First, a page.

Murkowski, Peltola wait for final count, but both appear headed to re-election
November 16, 2022
Alaskans may have decided to re-elect Sen. Lisa Murkowski and Rep. Mary Peltola to Congress, but the final outcome will not be known until the last ballots are tallied next week and, in one or both races, ranked-choice voting is factored into the decision.
Murkowski, a Republican who voted to impeach former President Donald Trump, has been the target of ire from Trump and from hard-liner conservatives. She trailed conservative Republican challenger Kelly Tshibaka by a small margin, 91,205 to 94,138, as of Monday (42.84% to 44.22%).
But the 20-year incumbent was narrowing the gap as more absentee and early votes are counted and is in position to surpass Tshibaka when the ranked-choice tabulation is expected to move many or most of Democrat Pat Chesbro’s votes to Murkowski. Chesbro had 20.265 (9.5%) of the votes in the preliminary count after the Nov. 8 election, with observers expecting that many of those voters had selected Murkowski as their second choice after Chesbro is eliminated from the count.
In the House, Democrat Peltola, who won an August special election to fill out the remainder of the late Don Young’s term to become the first Alaska Native to serve in Congress, led Republican opponents Sarah Palin and Nick Begich in the vote count as of Monday, with 47.26% for Peltola to 26.6% for Palin, 24.2% for Begich and 1.7% for Libertarian Chris Bye.
Wrangell voters went for Palin and Tshibaka.
As of Monday, the Alaska Division of Elections still had at least 35,000 absentee, mail-in, early and questioned ballots to count, adding to the almost 218,000 ballots already tallied. The division plans to release an updated count this week, with final results Nov. 23.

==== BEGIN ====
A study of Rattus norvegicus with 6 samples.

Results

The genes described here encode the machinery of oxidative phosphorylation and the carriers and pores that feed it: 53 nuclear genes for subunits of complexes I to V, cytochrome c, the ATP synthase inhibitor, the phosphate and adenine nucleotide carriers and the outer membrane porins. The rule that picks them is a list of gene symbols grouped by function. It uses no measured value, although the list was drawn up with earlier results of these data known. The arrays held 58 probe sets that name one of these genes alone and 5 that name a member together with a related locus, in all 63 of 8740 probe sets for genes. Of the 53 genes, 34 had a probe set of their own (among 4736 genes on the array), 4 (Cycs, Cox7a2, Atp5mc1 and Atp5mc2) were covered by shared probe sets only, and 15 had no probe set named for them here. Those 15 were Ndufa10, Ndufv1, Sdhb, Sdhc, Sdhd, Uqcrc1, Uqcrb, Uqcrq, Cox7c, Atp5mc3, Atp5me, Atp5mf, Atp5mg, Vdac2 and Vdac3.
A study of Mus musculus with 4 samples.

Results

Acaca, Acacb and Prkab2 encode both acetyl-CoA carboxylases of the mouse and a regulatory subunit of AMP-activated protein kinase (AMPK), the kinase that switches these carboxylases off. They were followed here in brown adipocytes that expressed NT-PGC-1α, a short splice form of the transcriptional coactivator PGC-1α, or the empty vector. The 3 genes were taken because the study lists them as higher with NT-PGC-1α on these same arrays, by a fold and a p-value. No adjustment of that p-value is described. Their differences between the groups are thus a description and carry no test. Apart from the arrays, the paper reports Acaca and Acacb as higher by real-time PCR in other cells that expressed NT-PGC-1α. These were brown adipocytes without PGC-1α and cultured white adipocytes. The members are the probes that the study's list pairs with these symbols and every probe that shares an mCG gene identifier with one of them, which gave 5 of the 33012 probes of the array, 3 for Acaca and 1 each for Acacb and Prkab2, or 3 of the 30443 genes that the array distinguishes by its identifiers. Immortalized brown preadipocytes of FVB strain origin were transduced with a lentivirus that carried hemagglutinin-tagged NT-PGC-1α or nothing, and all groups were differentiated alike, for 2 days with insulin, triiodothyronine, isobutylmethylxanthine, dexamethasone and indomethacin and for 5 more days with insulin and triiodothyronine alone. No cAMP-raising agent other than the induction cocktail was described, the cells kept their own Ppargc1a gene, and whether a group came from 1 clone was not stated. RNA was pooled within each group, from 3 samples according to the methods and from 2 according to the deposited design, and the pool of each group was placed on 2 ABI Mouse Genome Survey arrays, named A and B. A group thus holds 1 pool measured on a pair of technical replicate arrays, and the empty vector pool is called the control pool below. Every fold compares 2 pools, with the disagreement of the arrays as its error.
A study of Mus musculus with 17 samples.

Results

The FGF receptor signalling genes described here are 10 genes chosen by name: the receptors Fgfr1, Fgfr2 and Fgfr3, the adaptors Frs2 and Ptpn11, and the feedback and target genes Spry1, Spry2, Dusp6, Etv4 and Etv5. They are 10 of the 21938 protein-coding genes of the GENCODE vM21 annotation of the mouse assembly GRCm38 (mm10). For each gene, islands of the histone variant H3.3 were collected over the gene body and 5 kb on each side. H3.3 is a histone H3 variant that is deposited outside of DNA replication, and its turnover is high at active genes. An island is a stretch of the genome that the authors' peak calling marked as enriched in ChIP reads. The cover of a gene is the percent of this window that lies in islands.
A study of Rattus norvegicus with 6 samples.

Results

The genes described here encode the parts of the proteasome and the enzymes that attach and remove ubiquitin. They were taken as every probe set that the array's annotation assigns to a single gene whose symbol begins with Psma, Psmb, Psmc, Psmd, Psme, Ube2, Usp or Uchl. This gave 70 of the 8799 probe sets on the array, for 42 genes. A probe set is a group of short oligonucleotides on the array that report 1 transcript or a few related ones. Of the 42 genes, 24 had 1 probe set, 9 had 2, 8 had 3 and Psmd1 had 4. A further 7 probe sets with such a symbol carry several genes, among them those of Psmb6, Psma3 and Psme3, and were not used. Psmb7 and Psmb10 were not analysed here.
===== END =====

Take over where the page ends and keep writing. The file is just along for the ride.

Though Peltola could reach the 50% threshold to win the election outright if she takes a large majority of those remaining ballots, it’s more likely the election will be decided by the ranked-choice calculation based on voters’ second choices. Peltola would win if only a small percentage of third-place finisher Palin’s voters picked her as their second choice, pushing her above 50%.
The ranked-choice voting system has made it an unusual race, Begich said on election day. “This is the wildest election in Alaska state history. If anyone says they expected this election to go as it went, they’d be lying to you,” he said.
Former governor and Republican vice presidential candidate Palin, who lost to Peltola in the August special election, continued her criticism of the ranked-choice system on election day. It is “convoluted and complicated,” she said.
“Get rid of ranked-choice voting. It should be one man, one vote,” Palin said.
Despite the wait for final results, Murkowski said she felt good about her re-election prospects.
She was also optimistic about what she said is a positive example that Alaska, with its new ranked-choice voting system and its history of cross-party coalitions, is setting for the nation.
“I hope that others are looking at what Alaska has just gone through, what we’re finishing up now, with a recognition that things do not have to be so polarized,” said the senator, who supported Peltola, a longtime friend and ally. “I’m hoping that Alaska once again opens the eyes of people around the country about, perhaps, a better process.”
The Alaska Beacon is an independent, donor-funded news organization. Alaskabeacon.com.